WHO IS TRUE NO.1?
This year’s NHL draft has more question marks surrounding top prospects Nolan Patrick and Nico Hischier
A year ago at this time, you wouldn’t have had time to read this story. You’d have been far too busy clicking on the NHL draft lottery simulator — over and over and over again.
It’s what Toronto Maple Leafs president Brendan Shanahan admitted to doing. It’s pretty much what every NHL fan in the country was doing. Part of it had to do with the potential of selecting a generational talent in Auston Matthews or Patrik Laine. But the bigger reason was that with all seven Canadian teams out of the playoffs, winning the lottery was the next-best thing to winning the Stanley Cup.
So when the Maple Leafs were awarded the No. 1 pick and the Winnipeg Jets moved up four spaces to win the No. 2 pick, it was almost parade-worthy.
“They needed some good news,” Shanahan said at the time. “I hope they’re out in the streets of Toronto right now just feeling a little bit better.”
This year’s NHL draft lottery, which takes place Saturday night in Toronto, is different.
While Vancouver finished with the second-worst record in the league and Winnipeg was 20th, five of the seven Canadian teams — Calgary, Edmonton, Montreal, Ottawa and Toronto — qualified for the playoffs, with the Oilers and Senators advancing to the second round.
Fans in Vancouver are no doubt playing the simulator, given the Canucks have the second-best odds of picking first (12.1 per cent). But nationally, the landscape doesn’t seem as dire now that so many Canadian teams have already won.
“Last year’s lottery will always be a good memory for this organization as far as the opportunity to acquire a very special player,” said Jets general manager Kevin Cheveldayoff, whose team has a 2.7-per-cent chance of winning this year’s lottery. “But obviously, the feel around the team last year was different than we are today.”
The feel around this draft is different as well. The last two draft lotteries were game-changers. Connor McDavid won the scoring title and led the Oilers to the second round of the playoffs just two years after being selected first overall, while Matthews finished second in the Rocket Richard Trophy race with 40 goals and led the Leafs to a playoff spot as a rookie.
This year, there is no McDavid, no Matthews. There might not even be a Jack Eichel or a Patrik Laine or even a Matthew Tkachuk at the top of the order. Instead, there are question marks surrounding top prospects Nolan Patrick and Nico Hischier.
“We’re excited about the top five, but I don’t know that there’s that generational player that we’ve seen the last couple of years with McDavid and Matthews and Eichel and Laine,” said Canucks GM Jim Benning. “But we think those top two players (Patrick and Hischier) are both real good players in their own right and conceivably could come to training camp and compete for a job on the team next year. But I feel comfortable that we’re going to get a real good player.”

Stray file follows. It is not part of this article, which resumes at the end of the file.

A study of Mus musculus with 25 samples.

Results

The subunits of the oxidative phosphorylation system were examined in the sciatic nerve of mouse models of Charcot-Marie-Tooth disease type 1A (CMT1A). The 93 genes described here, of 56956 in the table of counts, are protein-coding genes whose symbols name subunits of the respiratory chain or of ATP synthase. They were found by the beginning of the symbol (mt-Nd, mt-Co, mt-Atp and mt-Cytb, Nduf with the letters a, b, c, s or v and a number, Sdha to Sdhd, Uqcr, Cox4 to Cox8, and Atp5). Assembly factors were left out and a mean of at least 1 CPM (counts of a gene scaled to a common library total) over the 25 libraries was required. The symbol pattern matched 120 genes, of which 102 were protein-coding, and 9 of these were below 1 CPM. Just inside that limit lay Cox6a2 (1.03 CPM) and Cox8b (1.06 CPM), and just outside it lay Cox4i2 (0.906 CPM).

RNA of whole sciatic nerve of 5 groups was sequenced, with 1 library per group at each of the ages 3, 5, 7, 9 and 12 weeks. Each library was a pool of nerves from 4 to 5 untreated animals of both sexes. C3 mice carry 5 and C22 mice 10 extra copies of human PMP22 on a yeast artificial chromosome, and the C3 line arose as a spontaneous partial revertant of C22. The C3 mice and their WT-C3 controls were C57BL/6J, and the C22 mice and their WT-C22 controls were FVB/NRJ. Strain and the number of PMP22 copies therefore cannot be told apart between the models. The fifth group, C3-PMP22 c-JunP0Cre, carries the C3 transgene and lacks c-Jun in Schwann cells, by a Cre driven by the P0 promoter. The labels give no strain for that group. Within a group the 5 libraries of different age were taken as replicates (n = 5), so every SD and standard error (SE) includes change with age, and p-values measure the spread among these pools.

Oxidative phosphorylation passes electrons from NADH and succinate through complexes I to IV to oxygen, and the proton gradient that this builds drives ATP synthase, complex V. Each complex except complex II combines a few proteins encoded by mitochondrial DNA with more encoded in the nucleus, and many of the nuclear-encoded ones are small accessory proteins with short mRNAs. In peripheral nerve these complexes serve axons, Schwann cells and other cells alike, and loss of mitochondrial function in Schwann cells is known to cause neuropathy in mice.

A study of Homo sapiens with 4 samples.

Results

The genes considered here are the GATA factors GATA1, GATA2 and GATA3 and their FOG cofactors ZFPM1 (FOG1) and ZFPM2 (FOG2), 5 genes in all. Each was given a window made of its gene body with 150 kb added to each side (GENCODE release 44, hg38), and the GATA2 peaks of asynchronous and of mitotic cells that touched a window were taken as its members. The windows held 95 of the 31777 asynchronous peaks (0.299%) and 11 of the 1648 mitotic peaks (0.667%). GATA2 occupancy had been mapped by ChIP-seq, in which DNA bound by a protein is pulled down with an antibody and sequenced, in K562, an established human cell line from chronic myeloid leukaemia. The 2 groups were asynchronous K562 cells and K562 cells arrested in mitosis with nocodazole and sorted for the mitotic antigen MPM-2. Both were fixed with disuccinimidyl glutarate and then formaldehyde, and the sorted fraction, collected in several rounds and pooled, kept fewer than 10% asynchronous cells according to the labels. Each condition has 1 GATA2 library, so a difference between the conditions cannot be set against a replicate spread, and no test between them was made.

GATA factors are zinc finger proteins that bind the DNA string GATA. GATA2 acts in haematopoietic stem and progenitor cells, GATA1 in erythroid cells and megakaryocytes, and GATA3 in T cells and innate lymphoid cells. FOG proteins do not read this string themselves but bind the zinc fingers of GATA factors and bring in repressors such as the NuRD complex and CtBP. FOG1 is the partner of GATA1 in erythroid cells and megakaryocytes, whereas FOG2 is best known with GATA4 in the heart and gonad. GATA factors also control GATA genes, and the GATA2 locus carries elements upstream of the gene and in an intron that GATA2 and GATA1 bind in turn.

In some ways, this year’s draft resembles the 2012 draft, when Nail Yakupov went first overall and many players were coming off a season where they had missed time with significant injury. There was still plenty of talent, including Morgan Rielly (5th overall), Hampus Lindholm (6th) and Filip Forsberg (11th), but there were no slam dunks.
You had to do your homework, while also crossing your fingers. This year is more of the same.
“This looks more like an average draft,” said North American Central Scouting’s Mark Seidel. “You’re still going to get a solid player that can become a really good player in the league. But certainly it’s a step down in the draft from previous years.”
The biggest question is who will go first: Patrick or Hischier?
Both play centre, but play the game differently. Patrick, who had most of his year with the Brandon Wheat Kings wiped out because of injuries, is more of a two-way forward. Hischier, who lit up the Quebec league with the Halifax Mooseheads, is flashier and more offensive-minded.
After those two, the draft could go anywhere.
Will teams look past Gabe Vilardi’s unnatural stride? Can Owen Tippett be as natural of a scorer as Phil Kessel? Can any of the defencemen in what is considered to be a weak draft class actually play in a top pairing?
There are no guarantees. And maybe that’s a good thing. It means that like last year, when Columbus chose Pierre-Luc Dubois over Jesse Puljujarvi with the thirdoverall pick, and Vancouver chose Olli Juolevi over Tkachuk with the fifth-overall pick, the drama will not begin and end with the draft lottery.
“This year’s a little bit unique in that there are injuries that have affected the players at the top, like Nolan Patrick. There’s a different feel in that regard,” said Cheveldayoff. “But I don’t think you can ever underscore the importance of the lottery. As a franchise, we certainly did benefit from it.”